Did I actually get botulism? No. Did I get sick and vomit at work, my wife’s car, and throughout my home? YES.
For the last month or so (basically since my last post), I’ve been working to create and maintain some positive life changes. I’ve made a daily commitment to exercise, the preparation and consumption of healthy food, 8+ hours of sleep, 30 minutes in quiet reflection/prayer, and quality time with my family.
On Thursday morning, I didn’t have a chance to prepare lunch for myself so I quickly grabbed a can of soup and some fruit for my lunch. When I got to the office, I discovered that I had picked up Chicken Noodle Soup for myself…no bueno. This stuff is for sick people, and I wasn’t sick! As I weighed my options, I put the soup back into my bag and figured I’d just grab a sandwich from a local place right off campus.
I ordered the “daily special” – a 5 dollar roasted chicken sandwich. Deep down, I knew that I had made a poor decision. In my rush to get a cheap and fast meal, I avoided my own rule of Never EVER ordering the specials! In many cases, I knew that the “special” consisted of the aging food the restaurant needs to get rid of fast. This usually includes aging meat, old veggies and leftover sauces — all of which made their way into my sandwich.
Two hours later, I sat in my office, feeling progressively worse with each passing moment. I had to make to through my 3:30pm meeting and decided I would head directly home after that. I was sweating and nauseous. I had gas. My head started to hurt. I had to use the restroom. Is this how my wife felt daily for 8+ months while she was pregnant?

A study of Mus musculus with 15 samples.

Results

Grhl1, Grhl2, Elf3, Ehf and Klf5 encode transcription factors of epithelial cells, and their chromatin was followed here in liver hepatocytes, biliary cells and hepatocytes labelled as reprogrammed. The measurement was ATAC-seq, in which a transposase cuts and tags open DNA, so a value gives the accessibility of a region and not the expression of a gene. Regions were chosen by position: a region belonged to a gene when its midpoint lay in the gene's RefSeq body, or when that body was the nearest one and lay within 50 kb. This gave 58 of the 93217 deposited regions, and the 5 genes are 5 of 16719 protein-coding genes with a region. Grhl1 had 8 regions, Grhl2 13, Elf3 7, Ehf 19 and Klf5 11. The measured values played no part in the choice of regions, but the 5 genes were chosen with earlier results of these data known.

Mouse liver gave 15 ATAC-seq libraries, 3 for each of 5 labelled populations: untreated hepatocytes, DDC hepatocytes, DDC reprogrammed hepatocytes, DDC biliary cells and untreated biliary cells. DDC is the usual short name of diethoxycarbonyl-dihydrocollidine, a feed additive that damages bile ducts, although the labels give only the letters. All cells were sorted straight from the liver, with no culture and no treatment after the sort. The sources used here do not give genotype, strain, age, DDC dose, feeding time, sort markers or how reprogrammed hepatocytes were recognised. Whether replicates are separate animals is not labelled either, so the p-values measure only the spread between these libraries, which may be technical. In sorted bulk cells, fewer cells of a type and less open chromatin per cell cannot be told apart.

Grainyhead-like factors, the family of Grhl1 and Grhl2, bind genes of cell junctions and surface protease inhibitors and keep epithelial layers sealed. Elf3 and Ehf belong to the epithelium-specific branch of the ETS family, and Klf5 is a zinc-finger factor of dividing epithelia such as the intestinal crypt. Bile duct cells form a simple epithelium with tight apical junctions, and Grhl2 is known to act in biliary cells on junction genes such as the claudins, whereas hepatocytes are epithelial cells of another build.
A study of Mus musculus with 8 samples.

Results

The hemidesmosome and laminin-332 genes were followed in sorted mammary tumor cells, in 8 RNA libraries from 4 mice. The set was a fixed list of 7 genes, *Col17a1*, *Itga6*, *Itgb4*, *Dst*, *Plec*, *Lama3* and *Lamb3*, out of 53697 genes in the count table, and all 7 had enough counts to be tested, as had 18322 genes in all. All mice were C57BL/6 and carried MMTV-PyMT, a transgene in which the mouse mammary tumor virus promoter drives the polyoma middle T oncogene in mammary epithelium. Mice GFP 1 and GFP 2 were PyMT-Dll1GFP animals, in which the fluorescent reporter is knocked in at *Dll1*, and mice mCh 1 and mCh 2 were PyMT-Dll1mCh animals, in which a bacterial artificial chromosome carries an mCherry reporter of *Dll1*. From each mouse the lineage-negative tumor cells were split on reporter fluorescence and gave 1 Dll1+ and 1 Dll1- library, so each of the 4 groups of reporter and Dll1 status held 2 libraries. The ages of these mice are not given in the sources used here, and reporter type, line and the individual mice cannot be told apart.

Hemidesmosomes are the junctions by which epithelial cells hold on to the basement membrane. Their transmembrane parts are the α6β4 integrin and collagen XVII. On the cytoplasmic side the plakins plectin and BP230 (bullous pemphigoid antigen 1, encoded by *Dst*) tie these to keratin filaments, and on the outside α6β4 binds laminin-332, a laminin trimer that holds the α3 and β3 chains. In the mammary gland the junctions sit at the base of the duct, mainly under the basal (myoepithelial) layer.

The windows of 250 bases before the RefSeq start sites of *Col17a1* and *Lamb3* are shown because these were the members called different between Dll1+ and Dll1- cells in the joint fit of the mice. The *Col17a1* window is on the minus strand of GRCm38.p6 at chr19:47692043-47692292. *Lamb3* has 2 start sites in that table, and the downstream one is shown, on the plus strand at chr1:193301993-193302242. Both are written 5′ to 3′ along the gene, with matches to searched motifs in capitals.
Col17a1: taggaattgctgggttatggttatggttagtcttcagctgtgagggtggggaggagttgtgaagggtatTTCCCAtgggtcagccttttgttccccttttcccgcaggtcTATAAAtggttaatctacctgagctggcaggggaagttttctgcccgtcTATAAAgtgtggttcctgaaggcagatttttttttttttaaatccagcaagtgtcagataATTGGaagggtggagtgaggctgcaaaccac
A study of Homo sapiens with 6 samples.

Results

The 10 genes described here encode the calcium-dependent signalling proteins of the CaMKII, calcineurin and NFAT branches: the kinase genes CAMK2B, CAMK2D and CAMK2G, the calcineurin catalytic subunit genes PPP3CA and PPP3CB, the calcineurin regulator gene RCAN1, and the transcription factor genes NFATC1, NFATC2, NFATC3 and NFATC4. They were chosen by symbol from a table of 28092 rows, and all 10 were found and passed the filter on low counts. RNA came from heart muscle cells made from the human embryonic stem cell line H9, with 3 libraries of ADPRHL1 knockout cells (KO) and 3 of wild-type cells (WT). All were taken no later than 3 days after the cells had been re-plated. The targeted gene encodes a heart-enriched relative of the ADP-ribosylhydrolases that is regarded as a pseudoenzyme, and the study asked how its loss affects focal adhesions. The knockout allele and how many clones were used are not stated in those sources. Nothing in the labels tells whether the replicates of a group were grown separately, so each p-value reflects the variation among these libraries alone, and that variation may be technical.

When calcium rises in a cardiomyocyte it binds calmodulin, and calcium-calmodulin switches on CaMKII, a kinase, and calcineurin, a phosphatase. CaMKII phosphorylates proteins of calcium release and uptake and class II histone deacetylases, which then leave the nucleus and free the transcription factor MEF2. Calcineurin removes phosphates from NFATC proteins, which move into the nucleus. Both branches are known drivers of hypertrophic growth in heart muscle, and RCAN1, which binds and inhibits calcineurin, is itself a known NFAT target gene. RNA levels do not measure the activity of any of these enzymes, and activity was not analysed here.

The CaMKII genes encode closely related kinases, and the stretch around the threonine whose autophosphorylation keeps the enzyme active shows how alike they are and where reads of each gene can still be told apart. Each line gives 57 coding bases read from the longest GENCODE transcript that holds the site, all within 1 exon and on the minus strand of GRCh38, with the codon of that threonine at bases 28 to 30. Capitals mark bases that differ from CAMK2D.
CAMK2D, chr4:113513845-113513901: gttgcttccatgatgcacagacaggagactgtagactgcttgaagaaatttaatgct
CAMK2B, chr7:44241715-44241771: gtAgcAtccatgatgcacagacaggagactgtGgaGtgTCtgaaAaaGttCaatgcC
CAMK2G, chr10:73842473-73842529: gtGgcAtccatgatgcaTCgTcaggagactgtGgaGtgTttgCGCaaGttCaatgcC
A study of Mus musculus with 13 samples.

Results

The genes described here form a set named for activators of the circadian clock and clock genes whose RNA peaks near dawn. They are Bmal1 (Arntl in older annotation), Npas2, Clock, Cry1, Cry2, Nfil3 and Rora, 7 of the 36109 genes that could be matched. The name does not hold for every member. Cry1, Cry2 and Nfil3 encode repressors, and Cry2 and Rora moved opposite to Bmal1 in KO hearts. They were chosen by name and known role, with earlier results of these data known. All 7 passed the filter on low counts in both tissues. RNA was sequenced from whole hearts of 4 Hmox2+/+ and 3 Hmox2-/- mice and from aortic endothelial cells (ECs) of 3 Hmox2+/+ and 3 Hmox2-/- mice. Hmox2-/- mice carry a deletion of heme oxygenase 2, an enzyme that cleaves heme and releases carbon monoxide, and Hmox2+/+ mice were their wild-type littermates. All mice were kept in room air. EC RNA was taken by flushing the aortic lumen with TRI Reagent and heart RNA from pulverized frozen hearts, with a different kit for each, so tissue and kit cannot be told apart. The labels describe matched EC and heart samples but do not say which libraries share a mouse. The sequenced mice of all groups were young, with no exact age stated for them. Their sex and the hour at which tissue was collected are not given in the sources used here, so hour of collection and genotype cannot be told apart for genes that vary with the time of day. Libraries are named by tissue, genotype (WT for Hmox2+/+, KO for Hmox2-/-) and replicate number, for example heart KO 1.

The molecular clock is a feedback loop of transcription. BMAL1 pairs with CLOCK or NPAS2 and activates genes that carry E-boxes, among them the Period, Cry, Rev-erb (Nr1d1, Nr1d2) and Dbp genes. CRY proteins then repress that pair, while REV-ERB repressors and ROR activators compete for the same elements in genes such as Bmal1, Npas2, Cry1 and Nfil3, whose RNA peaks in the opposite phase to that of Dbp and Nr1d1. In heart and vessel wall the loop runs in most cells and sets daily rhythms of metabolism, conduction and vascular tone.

At 3:25pm. I used the restroom, vomited, and prepared for my 3:30pm meeting. I was hurting, but figured I could get though this planning meeting. As I sat there quietly and pretended to take insightful notes, I internally debated the closest place for me to fully empty the contents of my stomach. As my eyes started to run and my reflux became more noticeable and aggressive, I dropped my notepad and did my best Usain Bolt impression towards the door. I barely made it into a classroom and let it all out into the trash.
Now it was the time for the drive home. Although I vomited twice in 30 minutes, I had this uneasy feeling (no pun intended) that MUCH more was on its way. I was driving my wife’s SUV that day and knew that she would castrate me with a rusty butter knife if I vomited in her precious vehicle. I was only a few miles from home but as I took the wide right turn off the highway, I succumbed to the worst projectile vomit I’ve ever experienced in my life. There was no shoulder lane and since I had cars in front and behind me, I had to vomit- into my own shirt. I figured that although it would be disgusting, my tucked in t-shirt would serve as a temporary containment device that would allow me to drive the 2 miles I needed to get home. Well, it didn’t work. The vomit bounced off my chest, back into my eyes/face, and onto my lap and the interior of the car. I cannot accurately describe the disgust of having your own vomit in your face, the smell of said vomit in an enclosed space, and the genuine fear of serious injury/death since this is all happening while operating a vehicle at 50+ mph. I managed to vomit 2 more times in about 15 seconds, mostly due to the smell of the first. I eventually managed to pull over safely and found myself covered from head to toe in my own vomit. I took of my shirt, cleaned the large chunks from my pants and car with a file folder and continued on.
I made it home and did my best to clean the interior of wife’s SUV (boy was she was pissed). That night, I vomited at least six more times, banged my mouth against the toilet bowl and cut my lip during one of my many trips to the restroom,battled vicious diarrhea, and was so dehydrated that I could barely sit up.
The next day, I ate my can of Chicken Noodle soup.